Vinesh Phogat was India’s big medal hope at the Rio Olympics before a freak injury cut short her dream. Stronger and fitter, in a different weight category and even more a favourite this time around, the 25-year-old is also the lone woman wrestler to qualify for the Tokyo edition so far.
She might have failed to break the Mayu Mukaida jinx — losing to the Japanese for the third straight time in two years at the recent Asian Championships — but she had a smile on her face and an easy acceptance of her opponent’s superiority.
How do you see your own performance in this competition?
There is a lot to learn still, a lot to improve. Wrestling is something you can keep trying and learning forever, it always feels incomplete. We can only try to improve. It is happening and the coach has also said we are getting better. The first time we faced off she won 10-0, then it was 7-0 and today it was 6-2, so somewhere what we are trying is working. But it will take time, nothing happens overnight.
What do you think are the shortcomings against Mukaida?
She has been competing in the same categories — 53kg and 55kg — for a long time now. She has the experience of being here, I don’t. I am trying. Japan is one of the top wrestling countries and it is not easy to beat its wrestlers. If it was that easy to shift weights I would do that before every Olympics and win a medal. It doesn’t happen that way.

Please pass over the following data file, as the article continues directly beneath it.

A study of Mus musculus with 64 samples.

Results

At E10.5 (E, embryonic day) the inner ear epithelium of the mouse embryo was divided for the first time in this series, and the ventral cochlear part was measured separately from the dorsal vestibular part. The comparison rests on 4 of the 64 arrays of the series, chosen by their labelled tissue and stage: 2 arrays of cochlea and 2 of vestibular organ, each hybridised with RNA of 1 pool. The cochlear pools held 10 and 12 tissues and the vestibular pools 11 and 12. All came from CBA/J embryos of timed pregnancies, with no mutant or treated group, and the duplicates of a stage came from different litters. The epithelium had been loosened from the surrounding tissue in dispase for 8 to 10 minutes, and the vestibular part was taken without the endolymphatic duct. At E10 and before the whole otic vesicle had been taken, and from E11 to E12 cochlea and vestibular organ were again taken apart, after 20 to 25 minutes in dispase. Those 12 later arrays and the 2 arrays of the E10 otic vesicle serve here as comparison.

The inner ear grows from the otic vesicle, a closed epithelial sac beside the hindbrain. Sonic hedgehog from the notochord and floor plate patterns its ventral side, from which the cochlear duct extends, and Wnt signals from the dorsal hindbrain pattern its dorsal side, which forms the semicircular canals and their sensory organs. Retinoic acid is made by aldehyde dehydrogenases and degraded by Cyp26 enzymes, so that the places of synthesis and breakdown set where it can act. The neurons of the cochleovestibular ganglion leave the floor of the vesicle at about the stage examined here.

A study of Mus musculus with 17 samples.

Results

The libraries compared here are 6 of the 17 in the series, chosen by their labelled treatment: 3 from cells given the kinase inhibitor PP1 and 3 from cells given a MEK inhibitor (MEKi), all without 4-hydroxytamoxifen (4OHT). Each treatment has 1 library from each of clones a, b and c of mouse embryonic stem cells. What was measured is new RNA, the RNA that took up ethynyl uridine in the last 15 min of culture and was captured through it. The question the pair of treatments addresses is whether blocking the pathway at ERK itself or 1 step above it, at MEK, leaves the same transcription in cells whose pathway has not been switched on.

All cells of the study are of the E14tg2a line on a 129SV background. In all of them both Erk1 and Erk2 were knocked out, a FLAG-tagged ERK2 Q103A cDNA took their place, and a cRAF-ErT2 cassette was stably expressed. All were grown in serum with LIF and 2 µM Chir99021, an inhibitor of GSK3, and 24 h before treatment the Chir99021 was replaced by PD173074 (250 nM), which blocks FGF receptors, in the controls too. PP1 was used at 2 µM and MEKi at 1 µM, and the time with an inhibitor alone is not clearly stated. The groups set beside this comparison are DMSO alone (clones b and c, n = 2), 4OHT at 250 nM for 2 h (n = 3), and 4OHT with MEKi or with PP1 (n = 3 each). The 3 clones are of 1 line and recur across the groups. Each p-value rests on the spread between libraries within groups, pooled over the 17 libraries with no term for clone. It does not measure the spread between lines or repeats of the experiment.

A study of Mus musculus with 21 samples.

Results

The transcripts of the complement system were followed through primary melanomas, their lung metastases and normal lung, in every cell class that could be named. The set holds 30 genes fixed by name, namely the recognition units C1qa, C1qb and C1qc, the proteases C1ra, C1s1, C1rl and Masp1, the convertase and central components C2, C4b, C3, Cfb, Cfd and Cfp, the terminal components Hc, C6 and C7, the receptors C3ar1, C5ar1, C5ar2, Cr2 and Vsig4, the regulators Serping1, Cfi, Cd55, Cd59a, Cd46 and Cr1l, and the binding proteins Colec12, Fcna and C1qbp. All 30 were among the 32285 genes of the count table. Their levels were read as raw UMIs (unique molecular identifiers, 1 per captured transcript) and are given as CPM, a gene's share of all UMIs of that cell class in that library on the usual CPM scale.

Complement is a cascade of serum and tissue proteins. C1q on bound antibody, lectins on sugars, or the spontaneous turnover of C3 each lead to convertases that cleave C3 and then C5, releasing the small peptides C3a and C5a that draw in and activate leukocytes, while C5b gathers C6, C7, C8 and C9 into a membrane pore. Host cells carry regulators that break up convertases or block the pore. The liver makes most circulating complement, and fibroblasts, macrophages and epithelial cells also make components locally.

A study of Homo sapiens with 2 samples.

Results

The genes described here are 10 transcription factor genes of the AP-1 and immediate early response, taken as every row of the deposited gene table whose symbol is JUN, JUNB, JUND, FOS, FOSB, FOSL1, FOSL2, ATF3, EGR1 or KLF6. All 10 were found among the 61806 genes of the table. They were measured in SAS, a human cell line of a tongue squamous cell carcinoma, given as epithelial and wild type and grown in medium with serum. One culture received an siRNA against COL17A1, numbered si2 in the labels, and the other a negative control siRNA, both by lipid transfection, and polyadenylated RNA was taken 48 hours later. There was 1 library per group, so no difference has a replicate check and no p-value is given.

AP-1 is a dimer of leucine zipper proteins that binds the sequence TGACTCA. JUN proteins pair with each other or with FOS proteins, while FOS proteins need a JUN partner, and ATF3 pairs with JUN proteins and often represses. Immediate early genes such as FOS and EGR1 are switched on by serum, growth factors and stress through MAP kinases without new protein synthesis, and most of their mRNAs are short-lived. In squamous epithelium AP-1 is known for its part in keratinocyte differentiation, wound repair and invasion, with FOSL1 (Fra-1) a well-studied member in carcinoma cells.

You appeared cagey in the initial period against Mukaida...
That was a bit strategic because in both the previous bouts, she managed to score a lot of points in the first period itself and against a strong opponent like that, if the margin becomes too big it is not possible to cover it up. We had planned to not allow her too many chances early and then try and go on the attack whenever I got a chance.
She understands my style very well now and I also know her game. The first two points she scored today, she tried something in attack that she has never done before with anyone. Her plans worked better today, so clearly I have to work a lot more!
The fact that you have already qualified for the Olympics, does that have any impact?
Definitely. The pressure of going for a qualifier or managing weight is not there, you are a bit relaxed mentally. Right now I am only in the learning process, working and improving my game. I know I will be there at the Olympics and who could be my possible opponents and I am training accordingly.
How do you recover after losing an opening round?
When you are up against a strong opponent, you have to be prepared for any result. I know I lost because there are still areas of weakness, not because of luck or a bad day or anything. Those are excuses. I accept that she is better and I am not able to match her right now, but that is what we are working towards. Of course, it is disappointing to lose to anyone. At the moment I would say the difference between me and her is 80 to 100.
How would you compare your three face-offs against Mukaida?
At this level, everyone is watching everything about everyone else so I don’t want to reveal anything right now in terms of changes or planning. Against Japan, you cannot win on brute strength because its wrestlers are very strong. You have to be smart and beat them on tactics and technique.
Earlier, there would be no challenge to the Japanese wrestlers for years together, no one was good enough. But now we beat them occasionally and there are others challenging them. To be honest, I lost but I am happy that I got tough competition that is forcing me to push myself and bring out my best version on the mat. I will also get to know how much I pushed myself, my limits.